The Swan Circle


18th Century Digressions, Entertainment & Culture, Military & Naval Add comments

Last night I tweeted an appeal on Twitter for more information about Roley Poley. So far no one has responded so I thought I would post the full reference here and leave it open for suggestions. What do you think it means? (Or if you actually know enlighten me)

Roley Poley newspaper clipping

 

From Morning Post, 2nd April 1793

MJ Holman @mishjholman

4 Responses to “The sport of Roley Poley”

  1. MJ Holman Says:

    Someone has suggested that Roley Poley is roulette. This would make sense because the newspaper article also mentions 'crimpers'. To crimp is to cheat at cards.

  2. Undine Says:

    Found it!  Here's a description of the game from a book dating from the 1820s: http://books.google.com/books?id=MbRMAAAAYAAJ&pg=PA149&dq=%22roley+poley%22+tables&hl=en&sa=X&ei=ggkAUbSzOIyE2QXV1oGIBg&ved=0CKEBEOgBMBM#v=onepage&q&f=false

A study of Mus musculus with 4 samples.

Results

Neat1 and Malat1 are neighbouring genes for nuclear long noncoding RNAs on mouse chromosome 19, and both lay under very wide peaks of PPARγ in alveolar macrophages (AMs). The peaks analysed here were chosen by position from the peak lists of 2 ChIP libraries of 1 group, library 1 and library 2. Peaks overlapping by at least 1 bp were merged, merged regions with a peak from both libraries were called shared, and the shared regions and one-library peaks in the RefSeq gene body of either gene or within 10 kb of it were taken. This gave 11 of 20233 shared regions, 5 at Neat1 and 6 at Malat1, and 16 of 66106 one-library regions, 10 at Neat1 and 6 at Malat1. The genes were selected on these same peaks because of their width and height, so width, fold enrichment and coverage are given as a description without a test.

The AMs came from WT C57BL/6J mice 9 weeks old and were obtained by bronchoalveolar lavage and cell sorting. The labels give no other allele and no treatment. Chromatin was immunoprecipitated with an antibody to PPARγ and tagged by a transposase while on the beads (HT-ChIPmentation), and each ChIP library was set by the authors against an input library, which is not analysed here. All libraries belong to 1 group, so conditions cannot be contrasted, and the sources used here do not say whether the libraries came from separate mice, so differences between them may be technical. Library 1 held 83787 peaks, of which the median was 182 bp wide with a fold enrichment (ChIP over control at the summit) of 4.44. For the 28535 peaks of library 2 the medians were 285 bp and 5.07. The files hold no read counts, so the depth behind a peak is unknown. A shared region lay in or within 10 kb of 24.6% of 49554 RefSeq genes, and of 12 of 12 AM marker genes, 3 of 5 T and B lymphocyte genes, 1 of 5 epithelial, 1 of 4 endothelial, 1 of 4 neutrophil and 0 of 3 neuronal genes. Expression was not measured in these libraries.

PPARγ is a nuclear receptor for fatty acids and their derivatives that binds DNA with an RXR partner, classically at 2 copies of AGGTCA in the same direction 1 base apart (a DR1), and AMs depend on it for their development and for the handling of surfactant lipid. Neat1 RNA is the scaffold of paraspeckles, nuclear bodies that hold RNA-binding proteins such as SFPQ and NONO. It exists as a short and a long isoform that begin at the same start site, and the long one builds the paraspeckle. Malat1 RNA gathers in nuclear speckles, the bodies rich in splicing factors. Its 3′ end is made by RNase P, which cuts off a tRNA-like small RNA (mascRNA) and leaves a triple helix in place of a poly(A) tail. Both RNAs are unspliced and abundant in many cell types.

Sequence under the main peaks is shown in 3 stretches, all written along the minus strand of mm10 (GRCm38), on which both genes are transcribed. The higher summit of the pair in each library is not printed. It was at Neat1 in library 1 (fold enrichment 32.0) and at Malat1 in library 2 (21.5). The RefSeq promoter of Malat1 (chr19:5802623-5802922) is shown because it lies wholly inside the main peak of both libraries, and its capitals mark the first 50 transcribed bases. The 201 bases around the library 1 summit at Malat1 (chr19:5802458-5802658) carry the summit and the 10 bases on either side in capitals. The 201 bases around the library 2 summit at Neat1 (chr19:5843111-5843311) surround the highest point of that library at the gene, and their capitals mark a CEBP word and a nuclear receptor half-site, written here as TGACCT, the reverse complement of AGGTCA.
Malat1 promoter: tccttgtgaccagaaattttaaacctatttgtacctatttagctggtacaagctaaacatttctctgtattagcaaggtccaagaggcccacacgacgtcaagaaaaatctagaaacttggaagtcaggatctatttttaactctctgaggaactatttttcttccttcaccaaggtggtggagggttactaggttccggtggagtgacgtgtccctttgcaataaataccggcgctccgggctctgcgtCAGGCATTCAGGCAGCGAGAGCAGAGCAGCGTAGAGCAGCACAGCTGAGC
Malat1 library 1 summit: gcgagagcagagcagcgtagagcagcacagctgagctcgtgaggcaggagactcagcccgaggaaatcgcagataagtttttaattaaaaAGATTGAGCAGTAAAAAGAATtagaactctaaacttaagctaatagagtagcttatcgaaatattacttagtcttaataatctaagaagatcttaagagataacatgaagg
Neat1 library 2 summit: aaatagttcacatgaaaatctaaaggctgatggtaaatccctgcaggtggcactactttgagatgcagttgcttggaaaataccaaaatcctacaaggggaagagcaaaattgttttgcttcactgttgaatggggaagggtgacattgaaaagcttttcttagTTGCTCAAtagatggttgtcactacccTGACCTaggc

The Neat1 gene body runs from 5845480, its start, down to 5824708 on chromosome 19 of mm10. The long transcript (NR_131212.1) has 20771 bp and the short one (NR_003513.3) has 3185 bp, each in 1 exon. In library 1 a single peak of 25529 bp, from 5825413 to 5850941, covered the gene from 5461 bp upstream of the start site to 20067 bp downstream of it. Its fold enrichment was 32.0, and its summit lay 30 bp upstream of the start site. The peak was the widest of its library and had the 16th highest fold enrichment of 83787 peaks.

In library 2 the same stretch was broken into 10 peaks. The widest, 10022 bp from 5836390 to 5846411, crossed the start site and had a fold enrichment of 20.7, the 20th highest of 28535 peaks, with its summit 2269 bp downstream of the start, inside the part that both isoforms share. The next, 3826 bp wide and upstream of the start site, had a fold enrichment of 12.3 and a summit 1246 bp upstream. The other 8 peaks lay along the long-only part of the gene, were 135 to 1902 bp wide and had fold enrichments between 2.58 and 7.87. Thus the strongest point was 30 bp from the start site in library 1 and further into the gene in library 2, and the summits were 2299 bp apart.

3. MJ Holman Says:

    Brilliant Undine. Thank you.

    Here is the text from the 1820 book:

    'Roley-poley—Running down Greenwich-park hills, and its consequent tumble and roll to the bottom, when the parties embrace, is one way of making love among the young folks of Cockney-shire.' 

  4. Kirsten Elliott Says:

    Yes, but this dates from 1820.  In 1720, Roley Poley seems to be a forerunner of Roulette. When an act came in banning gambling on games with numbers it was replaced by EO (standing for Even and Odd) in which these letters replaced the numbers.  Eventually, the law held that E and O represented numbers, so it too was illegal. That, at any rate, is the present official thinking.  I must admit I have some qualms about this explanation, I'm not so sure it was quite as simple as that, but the Duchess of Marlborough bet on Roley Poley and I can't imagine her rolling down a hill.